Thursday, 12 March 2015

The sweetness of Southern India circuit (Day 6 evening) - The Bharatanatyam performance, Kumbakonam - The 16th of February 2015

Upon having reached the hotel we headed to a Theatre-like building within the premises of the hotel without delay once the young Indian dancers of classical Bharatanatyam, who would be performing for our group had long been waiting for us.
Explanations were provided by one of the musicians prior to any of the dance performances, which helped us understand what they were about. Said to have originated in the Temples of Tamil Nadu Bharatanatyam is known for the graciousness of the sculpture-like poses of the dancers.

In most solo performances Bharatanatyam involves a number of characters that are depicted by the dancer, who switches roles through the swift turn in circle and creates story lines that are supposed to be easily followed and understood by the narrative of the song and the facial expression of the dancer. This is what happened in the first sequence of solo dancing by both young dancers and although the narrative of the song was out of our "reach" for obvious reasons the expression (abhinaya) was something we managed to "get into" and interprete.

The youngest dancer was very expressive and thus captivating. The second dancer was (in my humble opinion)  nevertheless more "complete" despite not being as expressive as the first one. According to what I have read  "good" dancers are expected to convey specific skills which range from agility, graceful lines and balance in piruettes to glancing ability apart from having to be youthful, beautiful and slender, as well as have large eyes and well rounded breasts (being fairly young the girls hadn't yet the last "quality").

Dancers  always wear anklets made of either rope or leather with rows of sleight-like (traditional copper) bells attached onto the ankle. The dancer's talent is "judged" along with other aspects which include style and presentation, by the amount of ringing heard and the number of bells worn on the ankle. The less ringing heard form the ankle the better the dancer, which is interpreted as having control and fluid movement. Depending on the number of rows of bells, so is the level of mastery (advance dancers wear 4 to 5 rows of bells).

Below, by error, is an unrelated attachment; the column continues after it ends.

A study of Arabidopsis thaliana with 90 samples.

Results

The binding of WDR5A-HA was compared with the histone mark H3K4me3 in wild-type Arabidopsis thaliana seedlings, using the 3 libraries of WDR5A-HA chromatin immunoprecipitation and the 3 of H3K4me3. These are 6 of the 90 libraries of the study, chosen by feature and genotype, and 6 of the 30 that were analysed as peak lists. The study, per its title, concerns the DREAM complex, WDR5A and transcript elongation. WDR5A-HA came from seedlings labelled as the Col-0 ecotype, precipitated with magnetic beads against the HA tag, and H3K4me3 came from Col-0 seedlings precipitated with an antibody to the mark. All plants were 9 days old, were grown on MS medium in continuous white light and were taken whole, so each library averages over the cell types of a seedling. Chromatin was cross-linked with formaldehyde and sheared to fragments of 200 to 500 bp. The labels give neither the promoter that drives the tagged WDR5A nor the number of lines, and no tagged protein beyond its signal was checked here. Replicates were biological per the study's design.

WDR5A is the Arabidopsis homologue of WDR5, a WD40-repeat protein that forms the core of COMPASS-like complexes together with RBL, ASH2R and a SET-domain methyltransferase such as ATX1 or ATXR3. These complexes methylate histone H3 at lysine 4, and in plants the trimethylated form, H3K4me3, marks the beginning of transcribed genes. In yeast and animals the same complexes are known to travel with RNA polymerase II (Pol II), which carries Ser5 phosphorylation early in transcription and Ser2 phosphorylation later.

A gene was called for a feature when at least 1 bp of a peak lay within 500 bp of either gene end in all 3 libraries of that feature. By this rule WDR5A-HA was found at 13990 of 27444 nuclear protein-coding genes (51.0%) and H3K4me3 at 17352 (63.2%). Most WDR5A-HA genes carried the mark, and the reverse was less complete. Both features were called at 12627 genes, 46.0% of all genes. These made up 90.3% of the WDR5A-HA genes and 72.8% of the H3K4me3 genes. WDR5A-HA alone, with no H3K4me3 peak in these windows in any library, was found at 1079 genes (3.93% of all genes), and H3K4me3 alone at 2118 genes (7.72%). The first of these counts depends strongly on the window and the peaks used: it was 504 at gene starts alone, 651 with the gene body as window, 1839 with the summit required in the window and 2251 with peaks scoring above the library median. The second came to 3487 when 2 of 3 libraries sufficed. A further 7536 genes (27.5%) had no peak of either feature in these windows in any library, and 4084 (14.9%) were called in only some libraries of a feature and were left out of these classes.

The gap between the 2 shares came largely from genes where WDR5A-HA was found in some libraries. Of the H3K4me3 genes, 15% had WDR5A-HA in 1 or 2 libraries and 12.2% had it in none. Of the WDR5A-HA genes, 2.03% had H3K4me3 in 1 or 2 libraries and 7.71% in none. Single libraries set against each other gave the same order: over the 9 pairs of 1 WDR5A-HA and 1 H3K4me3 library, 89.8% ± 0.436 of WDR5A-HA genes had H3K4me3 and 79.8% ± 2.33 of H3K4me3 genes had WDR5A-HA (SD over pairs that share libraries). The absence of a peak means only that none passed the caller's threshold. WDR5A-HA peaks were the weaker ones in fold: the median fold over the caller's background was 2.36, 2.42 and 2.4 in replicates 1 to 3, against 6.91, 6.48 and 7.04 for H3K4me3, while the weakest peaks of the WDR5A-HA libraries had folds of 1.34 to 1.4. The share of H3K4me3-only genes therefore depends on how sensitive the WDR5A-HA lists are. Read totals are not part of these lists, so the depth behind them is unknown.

In regards to the accompanying music the Carnatic style is said to be used and the instruments should include the mridangam (drum), the flute, the violin and the veena (a string instrument traditionally associated with Saraswati, the Hindu Godess of Arts and learning). Because there were only two musicians not all of those instruments were used throughout the performance, which ended with a sequence of duo performances displaying rather complex footwork and poses on the part of the dancers.

I addressed the girls at the end of the performing act so as to ask them some personal questions. Having realised they were school girls and not having yet checked into my hotel room I handed them out some colourful pens, decorated pencils, notebooks, stickers to decorate books, rings, earrings, bracelets and a few other things I had brought with me. They were clearly happy with those and so was I, especially for having brought a smile to their faces.

 The one thing I regret was having had some difficulty to photograph and film simultaneously, particularly from where I was sitting in the audience.